The barn owl is a beautiful bird with snow-white plumage on underparts, extending over feathered legs. This contrasts nicely with a warm yellowish-brown rump, back, nape and crown. On closer inspection, the upperparts also reveal soft grey mottling and rows of tiny black spots. They have a slim body, long wings and a squarish tail. Feet are grey-brown, with powerful toes equipped with long, sharp talons. Juveniles resemble adults as soon as their down is lost.
Barn owls call in a purring shriek, repeated. Their song is a drawn-out rattling or gargling shriek.
James P, XC621140. Accessible at www.xeno-canto.org/621140.
The barn owl’s outer toes are reversible to give it a better grip on prey.
Barn owls eat small mammals, especially voles; frogs; insects; and sometimes birds.
The barn owl is found all over Europe and the UK. It makes a home wherever there are suitable buildings, including country churchyards, ruins or barns.
One of the barn owl’s ears is higher than the other, which enables it to locate its prey more accurately.
Barn Owl on post
Barn owls are nocturnal and crepuscular. However, in Britain, they do on occasion hunt by day. They can also be seen at twilight on winter afternoons patrolling along hedgerows in search of prey. In flight, the barn owl shows warm-buff flight and tail feathers with dark-brown barring. Their flight is slow and elegant and they appear long-necked and short-tailed. Feet dangle when hovering. The barn owl’s white face and underparts are what are most likely to be visible.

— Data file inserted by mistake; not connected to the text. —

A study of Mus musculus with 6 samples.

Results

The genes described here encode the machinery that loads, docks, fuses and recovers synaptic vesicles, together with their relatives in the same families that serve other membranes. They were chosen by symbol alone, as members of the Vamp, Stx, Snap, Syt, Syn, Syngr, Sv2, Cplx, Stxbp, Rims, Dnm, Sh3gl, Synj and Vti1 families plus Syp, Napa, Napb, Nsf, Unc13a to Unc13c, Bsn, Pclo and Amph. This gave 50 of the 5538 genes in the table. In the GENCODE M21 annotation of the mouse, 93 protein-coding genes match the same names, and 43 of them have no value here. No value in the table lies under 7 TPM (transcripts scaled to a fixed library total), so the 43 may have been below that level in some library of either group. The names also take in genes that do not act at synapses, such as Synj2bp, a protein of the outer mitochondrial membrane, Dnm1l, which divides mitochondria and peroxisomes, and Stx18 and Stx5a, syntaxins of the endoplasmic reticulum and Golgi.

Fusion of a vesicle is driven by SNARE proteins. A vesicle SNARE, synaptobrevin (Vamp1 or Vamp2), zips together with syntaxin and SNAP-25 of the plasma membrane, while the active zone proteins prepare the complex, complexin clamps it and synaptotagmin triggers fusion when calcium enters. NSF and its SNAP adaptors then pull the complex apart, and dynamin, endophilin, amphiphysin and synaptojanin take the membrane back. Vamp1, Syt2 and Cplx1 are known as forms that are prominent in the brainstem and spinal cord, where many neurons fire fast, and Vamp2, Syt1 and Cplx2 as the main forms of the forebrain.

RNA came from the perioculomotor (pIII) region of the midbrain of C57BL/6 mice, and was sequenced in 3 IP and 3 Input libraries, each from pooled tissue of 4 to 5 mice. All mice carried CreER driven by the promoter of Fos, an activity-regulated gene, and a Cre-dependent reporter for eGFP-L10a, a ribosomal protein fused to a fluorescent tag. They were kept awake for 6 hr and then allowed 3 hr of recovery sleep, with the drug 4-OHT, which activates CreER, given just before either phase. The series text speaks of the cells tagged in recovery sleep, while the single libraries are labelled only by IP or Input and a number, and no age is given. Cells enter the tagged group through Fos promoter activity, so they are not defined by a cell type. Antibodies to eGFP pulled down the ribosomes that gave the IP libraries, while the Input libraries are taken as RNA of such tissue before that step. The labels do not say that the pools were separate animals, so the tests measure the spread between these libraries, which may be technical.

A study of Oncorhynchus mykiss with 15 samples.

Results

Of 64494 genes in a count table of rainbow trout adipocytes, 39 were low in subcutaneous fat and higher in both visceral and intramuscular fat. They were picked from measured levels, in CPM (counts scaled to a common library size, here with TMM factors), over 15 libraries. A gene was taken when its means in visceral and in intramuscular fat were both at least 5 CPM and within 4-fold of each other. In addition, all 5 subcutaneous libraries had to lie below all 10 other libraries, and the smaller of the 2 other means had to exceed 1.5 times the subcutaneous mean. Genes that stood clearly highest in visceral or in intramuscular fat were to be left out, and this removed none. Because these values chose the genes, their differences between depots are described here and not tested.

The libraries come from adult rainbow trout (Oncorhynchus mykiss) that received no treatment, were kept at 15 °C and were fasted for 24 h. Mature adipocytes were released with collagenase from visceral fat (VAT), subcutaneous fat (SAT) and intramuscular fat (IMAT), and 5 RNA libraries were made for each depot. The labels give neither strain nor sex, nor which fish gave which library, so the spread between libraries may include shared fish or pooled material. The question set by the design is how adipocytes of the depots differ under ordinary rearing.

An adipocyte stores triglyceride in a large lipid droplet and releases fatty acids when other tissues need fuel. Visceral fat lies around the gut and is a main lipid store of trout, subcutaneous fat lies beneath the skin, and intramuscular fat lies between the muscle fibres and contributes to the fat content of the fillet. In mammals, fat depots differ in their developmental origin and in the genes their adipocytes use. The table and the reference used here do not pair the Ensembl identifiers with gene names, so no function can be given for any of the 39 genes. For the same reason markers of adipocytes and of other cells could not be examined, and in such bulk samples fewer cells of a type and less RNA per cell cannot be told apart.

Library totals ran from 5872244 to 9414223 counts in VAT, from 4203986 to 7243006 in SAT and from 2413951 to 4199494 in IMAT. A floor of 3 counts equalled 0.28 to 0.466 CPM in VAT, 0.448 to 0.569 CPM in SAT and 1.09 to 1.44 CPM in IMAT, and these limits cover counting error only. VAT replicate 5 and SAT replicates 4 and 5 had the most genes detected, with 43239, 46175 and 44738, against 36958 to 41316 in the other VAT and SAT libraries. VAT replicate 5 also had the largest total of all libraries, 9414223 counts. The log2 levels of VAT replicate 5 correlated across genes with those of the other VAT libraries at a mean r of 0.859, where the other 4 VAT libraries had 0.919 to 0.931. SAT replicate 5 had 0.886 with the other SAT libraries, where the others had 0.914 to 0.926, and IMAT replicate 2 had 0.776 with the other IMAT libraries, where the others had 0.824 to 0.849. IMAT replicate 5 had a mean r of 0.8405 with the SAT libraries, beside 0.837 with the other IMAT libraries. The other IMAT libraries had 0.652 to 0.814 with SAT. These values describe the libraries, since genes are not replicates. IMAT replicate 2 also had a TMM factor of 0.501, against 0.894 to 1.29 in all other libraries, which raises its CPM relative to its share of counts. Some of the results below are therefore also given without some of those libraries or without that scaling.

Barn owls breed in farmland with scattered copses, gardens, and sometimes villages next to open fields. They will nest in holes in trees or buildings, where females lay 2-7 smooth white eggs. The female will do all the incubation, while the male provides her and the young with food. They will usually pair for life, or for as long as both individuals survive.
Young Barn Owl
On average barn owls live for 4 years.
Barn owls are sedentary.
The European barn owl population is in decline due to the reduction in traditional farming methods and increased use of pesticides. The barn owl is the most widely distributed species of owl in the world.
Known collective nouns for a group of Barn Owls are as follows:
General collective nouns for a group of Owls may also be used:
Unlike most owls, this medium sized bird is often seen hunting during daylight hours, mainly around dawn and dusk and particularly across farmland and in grassland, marsh and moorland areas.